1858: Earliest “Chinook Wawa”?
hayu masi to henli (Henry Zenk) for sending this along…
Henry had read a paper I presented at the American Name Society annual conference in 2015, “Naming Chinook”, where I wrote that the earliest occurrence of the language name “Chinuk Wawa” that I’d yet found was — shockingly — of post-frontier vintage. I quote from my paper:
We can point out that this term is far from new, yet until recently it has remained very rare in English. I have found only a couple of occurrences of it, in an older spelling Chinook Wawa, from the 1890s, for example “For over thirteen months…I heard nothing except ‘Chinook Wawa‘” (Transactions, 1895:113). One of the other early uses of the phrase makes for an amusing visual illustration: Hoquiam, WA restaurateur Mose Freeland’s jokey menu (Freeland, 1906; Figure 1).
With further research, Henry has now found what we’d have thought existed — a known occurrence of the name Chinuk Wawa during the frontier era, in the heyday of the language. What he’s turned up is the earliest known example of it. Now I’ll turn things over to Henry:
Came across this while rummaging through paper folders full of old scans/xeroxes. From the Oregon Spectator, 20 July 1858 (evidently reprinted from the Nevada [City, in California] Democrat [of June 16, 1858]). Unless I’ve missed something in the meantime, I believe this may be our earliest record to date of the language being called “Chinuk Wawa“:
“THE OREGON JARGON – The S. F. Globe and Bulletin, have each published a vocabulary of the Oregon Jargon, for the benefit of Frazer river emigrants – that being a kind of universal language among the races that inhabit Oregon and Washington territories. An intimate acquaintance with that highly refined and elegant lingo, acquired during a long residence in Oregon, enables us to state that the above mentioned vocabularies will be of no service whatsoever to persons desirous of learning the “Chinook wawa.” No combination of the letters of the Roman alphabet can give an American an idea of the proper pronunciation of the words. A man of ordinary capacity, however, can acquire a perfect knowledge of the “language” in a few days, by conversing with educated Chinooks- Nevada Democrat”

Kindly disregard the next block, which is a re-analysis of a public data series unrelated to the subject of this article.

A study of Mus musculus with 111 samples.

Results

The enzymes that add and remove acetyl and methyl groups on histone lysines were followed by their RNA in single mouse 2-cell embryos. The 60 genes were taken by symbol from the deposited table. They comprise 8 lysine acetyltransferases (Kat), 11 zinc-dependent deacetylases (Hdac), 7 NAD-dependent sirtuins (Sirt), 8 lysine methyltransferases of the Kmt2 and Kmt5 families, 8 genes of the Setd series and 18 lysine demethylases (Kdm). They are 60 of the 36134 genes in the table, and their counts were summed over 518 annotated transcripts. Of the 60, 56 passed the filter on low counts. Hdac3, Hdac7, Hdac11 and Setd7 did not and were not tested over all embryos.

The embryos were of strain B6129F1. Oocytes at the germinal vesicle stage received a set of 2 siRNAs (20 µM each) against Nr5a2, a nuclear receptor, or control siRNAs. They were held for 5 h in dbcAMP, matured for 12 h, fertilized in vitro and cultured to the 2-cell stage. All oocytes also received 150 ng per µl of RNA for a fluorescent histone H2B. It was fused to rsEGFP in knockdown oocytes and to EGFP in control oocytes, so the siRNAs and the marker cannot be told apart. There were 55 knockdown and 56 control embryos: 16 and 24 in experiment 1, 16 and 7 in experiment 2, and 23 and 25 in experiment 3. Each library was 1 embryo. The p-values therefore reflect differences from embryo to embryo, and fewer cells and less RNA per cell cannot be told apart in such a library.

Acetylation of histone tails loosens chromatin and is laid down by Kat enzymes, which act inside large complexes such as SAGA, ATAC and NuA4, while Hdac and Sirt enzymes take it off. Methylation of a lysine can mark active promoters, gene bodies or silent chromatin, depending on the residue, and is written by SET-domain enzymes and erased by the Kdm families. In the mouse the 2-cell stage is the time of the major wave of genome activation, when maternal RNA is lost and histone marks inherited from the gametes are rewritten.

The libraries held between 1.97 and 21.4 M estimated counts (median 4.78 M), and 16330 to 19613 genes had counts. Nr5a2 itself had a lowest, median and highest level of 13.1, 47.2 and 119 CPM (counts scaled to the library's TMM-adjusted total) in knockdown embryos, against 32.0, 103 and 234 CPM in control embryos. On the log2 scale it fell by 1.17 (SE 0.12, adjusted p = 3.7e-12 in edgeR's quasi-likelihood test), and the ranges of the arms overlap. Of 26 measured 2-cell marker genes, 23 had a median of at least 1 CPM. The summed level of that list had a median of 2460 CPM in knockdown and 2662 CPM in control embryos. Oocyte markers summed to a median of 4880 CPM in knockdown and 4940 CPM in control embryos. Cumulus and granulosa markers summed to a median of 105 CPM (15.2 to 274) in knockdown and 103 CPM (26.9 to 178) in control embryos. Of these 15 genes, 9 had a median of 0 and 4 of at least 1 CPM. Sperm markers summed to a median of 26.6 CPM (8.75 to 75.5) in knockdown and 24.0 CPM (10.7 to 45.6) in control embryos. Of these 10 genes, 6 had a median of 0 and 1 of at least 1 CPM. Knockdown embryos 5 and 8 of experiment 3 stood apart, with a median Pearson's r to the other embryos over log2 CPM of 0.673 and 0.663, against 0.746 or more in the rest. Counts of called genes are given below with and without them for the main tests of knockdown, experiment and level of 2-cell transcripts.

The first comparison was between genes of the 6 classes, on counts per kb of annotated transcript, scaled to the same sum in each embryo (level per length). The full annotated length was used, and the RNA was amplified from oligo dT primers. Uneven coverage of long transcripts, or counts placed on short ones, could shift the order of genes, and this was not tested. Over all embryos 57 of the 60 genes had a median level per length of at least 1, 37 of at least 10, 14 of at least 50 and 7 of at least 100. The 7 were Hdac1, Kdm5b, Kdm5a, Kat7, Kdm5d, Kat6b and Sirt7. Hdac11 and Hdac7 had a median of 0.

By “educated Chinooks” the writer seems to mean Indians who speak Jargon. The same phrase occurs in an 1891 book “By Track and Trail” that I’ve previously blogged about. The association of the language with some vague tribal identity was common among Settlers for decades. — DDR.
A parting observation: Electronic searching of old newspapers is still in pretty early stages. I keep finding amazing amounts of Chinuk Wawa-related stuff by that method, but there are many issues of newspapers, and entire newspaper titles, that aren’t readily searchable online. One takeaway is that we still need to be looking through physical files in libraries, which I bet is how Henry originally found the above. Another takeaway is, we can plan on discovering much more CW that we hadn’t seen before, as more and more newspaper issues keep getting scanned, OCR’ed, and uploaded!